Outrage at an outrageous situation
Location: Kapiti Island
It all started with that emotion that propels conservationists around the world into action - outrage.
On returning from the First World War, Captain Val Sanderson visited Kapiti Island, to find the forest playground of his youth bereft of bird life and overrun with more than 5000 cattle, goats and sheep. The native plant and animal that had once thrived on the island had been decimated.
Kapiti was a microcosm of the wider devastation of New Zealand’s forests and native birds, largely wrought by the plague of introduced mammals, such as stoats, rats and possums that had come care of new settlers.
The huia and the piopio were freshly extinct and many more native bird species looked set to follow if action was not taken to protect them.
It was against this backdrop that Sanderson began a campaign to see Kapiti restored to its former glory and its status as a wildlife reserve upheld.
Encouraged by friends, supporters and the success of his campaign, Sanderson sought to widen his activism and the Native Bird Protection Society was established at a public meeting in March 1923. It later became the Royal Forest and Bird Protection Society, known more simply as Forest & Bird.
The number and focus of issues Forest & Bird has tackled has increased and broadened over time, yet the same motivation - to protect New Zealand's native flora, fauna, habitats and natural scenic values – is still central to Forest & Bird today.
The story of Kapiti is a fine example of what has been achieved through the work of Sanderson and other dedicated conservationists. It now is home to a host of native species, and the island resounds to a full chorus of native birds.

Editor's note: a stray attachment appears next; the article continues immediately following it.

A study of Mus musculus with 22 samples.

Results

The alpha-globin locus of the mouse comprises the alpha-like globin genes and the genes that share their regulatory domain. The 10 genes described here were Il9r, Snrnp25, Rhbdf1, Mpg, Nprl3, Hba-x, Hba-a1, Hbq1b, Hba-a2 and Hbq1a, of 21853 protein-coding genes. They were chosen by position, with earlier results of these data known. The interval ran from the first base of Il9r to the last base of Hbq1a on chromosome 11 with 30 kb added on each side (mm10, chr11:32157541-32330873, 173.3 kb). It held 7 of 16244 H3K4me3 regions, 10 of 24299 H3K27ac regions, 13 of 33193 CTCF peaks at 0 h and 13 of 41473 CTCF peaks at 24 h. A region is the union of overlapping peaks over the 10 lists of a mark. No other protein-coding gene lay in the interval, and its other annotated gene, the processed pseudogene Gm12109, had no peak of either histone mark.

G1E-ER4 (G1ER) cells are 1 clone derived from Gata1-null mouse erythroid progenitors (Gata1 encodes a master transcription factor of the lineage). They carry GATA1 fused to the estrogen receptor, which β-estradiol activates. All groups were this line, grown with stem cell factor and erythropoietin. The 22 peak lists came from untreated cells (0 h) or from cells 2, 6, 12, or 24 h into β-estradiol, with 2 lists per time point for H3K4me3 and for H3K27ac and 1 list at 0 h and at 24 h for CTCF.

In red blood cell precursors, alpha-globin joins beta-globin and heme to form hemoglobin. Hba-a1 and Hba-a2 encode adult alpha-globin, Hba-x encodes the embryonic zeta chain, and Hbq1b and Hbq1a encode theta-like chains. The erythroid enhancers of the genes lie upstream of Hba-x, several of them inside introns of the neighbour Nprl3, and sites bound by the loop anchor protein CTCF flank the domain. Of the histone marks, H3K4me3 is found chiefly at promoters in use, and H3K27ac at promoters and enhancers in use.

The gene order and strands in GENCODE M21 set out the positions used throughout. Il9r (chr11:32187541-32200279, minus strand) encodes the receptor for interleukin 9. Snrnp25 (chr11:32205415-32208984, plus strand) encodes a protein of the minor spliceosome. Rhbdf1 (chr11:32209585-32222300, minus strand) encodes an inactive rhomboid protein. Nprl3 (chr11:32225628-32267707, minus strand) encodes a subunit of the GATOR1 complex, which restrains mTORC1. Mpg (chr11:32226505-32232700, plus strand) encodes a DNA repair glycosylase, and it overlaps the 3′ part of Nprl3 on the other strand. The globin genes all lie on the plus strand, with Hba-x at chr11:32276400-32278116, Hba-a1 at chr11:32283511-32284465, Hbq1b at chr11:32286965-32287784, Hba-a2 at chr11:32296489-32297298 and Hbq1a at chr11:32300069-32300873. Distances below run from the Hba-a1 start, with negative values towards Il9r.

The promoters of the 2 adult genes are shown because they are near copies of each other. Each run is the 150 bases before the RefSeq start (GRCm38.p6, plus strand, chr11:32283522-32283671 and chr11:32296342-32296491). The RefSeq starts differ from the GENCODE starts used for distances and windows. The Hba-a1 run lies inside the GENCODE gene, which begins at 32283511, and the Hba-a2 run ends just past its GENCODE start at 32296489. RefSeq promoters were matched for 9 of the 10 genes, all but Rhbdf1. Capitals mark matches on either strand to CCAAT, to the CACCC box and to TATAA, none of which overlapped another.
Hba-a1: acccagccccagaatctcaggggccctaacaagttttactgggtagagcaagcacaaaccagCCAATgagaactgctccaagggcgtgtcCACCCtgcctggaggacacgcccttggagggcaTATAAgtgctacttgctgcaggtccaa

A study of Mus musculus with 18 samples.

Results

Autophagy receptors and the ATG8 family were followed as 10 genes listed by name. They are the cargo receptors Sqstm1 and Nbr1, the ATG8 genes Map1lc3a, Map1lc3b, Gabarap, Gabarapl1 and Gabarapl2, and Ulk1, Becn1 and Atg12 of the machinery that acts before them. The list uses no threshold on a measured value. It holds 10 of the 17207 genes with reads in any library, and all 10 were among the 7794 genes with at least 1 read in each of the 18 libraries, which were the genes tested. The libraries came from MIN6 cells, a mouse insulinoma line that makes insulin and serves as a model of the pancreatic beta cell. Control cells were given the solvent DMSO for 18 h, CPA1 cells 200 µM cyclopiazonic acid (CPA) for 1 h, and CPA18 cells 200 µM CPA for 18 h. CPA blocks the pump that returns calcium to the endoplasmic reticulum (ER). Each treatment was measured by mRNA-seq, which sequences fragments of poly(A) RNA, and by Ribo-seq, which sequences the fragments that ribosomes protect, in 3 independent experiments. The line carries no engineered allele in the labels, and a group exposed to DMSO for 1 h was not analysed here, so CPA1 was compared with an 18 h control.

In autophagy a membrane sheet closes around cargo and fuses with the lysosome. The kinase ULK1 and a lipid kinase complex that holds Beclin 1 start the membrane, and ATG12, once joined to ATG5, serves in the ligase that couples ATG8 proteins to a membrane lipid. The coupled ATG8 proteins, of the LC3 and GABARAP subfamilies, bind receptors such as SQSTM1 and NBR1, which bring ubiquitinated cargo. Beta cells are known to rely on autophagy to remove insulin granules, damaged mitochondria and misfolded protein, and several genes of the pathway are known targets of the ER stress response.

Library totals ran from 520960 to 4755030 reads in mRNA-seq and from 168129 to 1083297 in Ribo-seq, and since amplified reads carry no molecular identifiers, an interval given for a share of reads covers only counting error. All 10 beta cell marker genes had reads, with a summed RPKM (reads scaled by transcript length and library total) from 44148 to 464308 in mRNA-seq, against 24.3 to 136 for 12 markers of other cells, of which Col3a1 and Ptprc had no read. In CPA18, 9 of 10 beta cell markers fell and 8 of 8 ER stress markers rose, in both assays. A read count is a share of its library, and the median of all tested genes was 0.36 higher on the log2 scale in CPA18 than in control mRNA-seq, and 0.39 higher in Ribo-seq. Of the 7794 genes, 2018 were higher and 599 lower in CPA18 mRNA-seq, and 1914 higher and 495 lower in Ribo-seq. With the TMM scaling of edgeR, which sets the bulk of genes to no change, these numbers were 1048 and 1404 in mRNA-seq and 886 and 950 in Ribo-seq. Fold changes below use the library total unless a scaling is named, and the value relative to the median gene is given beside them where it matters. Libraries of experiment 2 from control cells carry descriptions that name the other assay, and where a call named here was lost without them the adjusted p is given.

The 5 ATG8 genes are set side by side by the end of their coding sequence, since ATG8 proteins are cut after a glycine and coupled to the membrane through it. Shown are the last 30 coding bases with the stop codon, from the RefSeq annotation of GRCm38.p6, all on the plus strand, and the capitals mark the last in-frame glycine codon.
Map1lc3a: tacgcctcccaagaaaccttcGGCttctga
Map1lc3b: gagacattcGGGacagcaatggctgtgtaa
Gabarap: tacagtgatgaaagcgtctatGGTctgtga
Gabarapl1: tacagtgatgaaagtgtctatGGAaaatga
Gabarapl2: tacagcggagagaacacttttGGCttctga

Since its establishment, Forest & Bird has grown to comprise 50 branches with thousands of members around New Zealand working on hands-on restoration projects and serving as a voice for the protection of our environment.
Forest & Bird’s achievements
Since Forest & Bird was established, public parks and reserves have increased to where they now cover a third of our country, logging of native forests has virtually stopped and several species have been brought back from the brink of extinction. Forest & Bird has been at the forefront of virtually all of the major conservation campaigns of the last eight decades, such as the fight to save Lake Manapouri and the battle to stop logging of native trees in our North Island forests and on the West Coast.
Forest & Bird, founded to protect New Zealand’s native forests and birds, today covers a wider brief: the preservation of all our native species, habitats and wild places.
Our advocacy now also covers protection of the marine environment throughout New Zealand’s Exclusive Economic Zone, protection of the high country and of our lakes, wetlands and rivers. We are also an active voice in ensuring that New Zealand meets its international obligations on environmental issues such as climate change.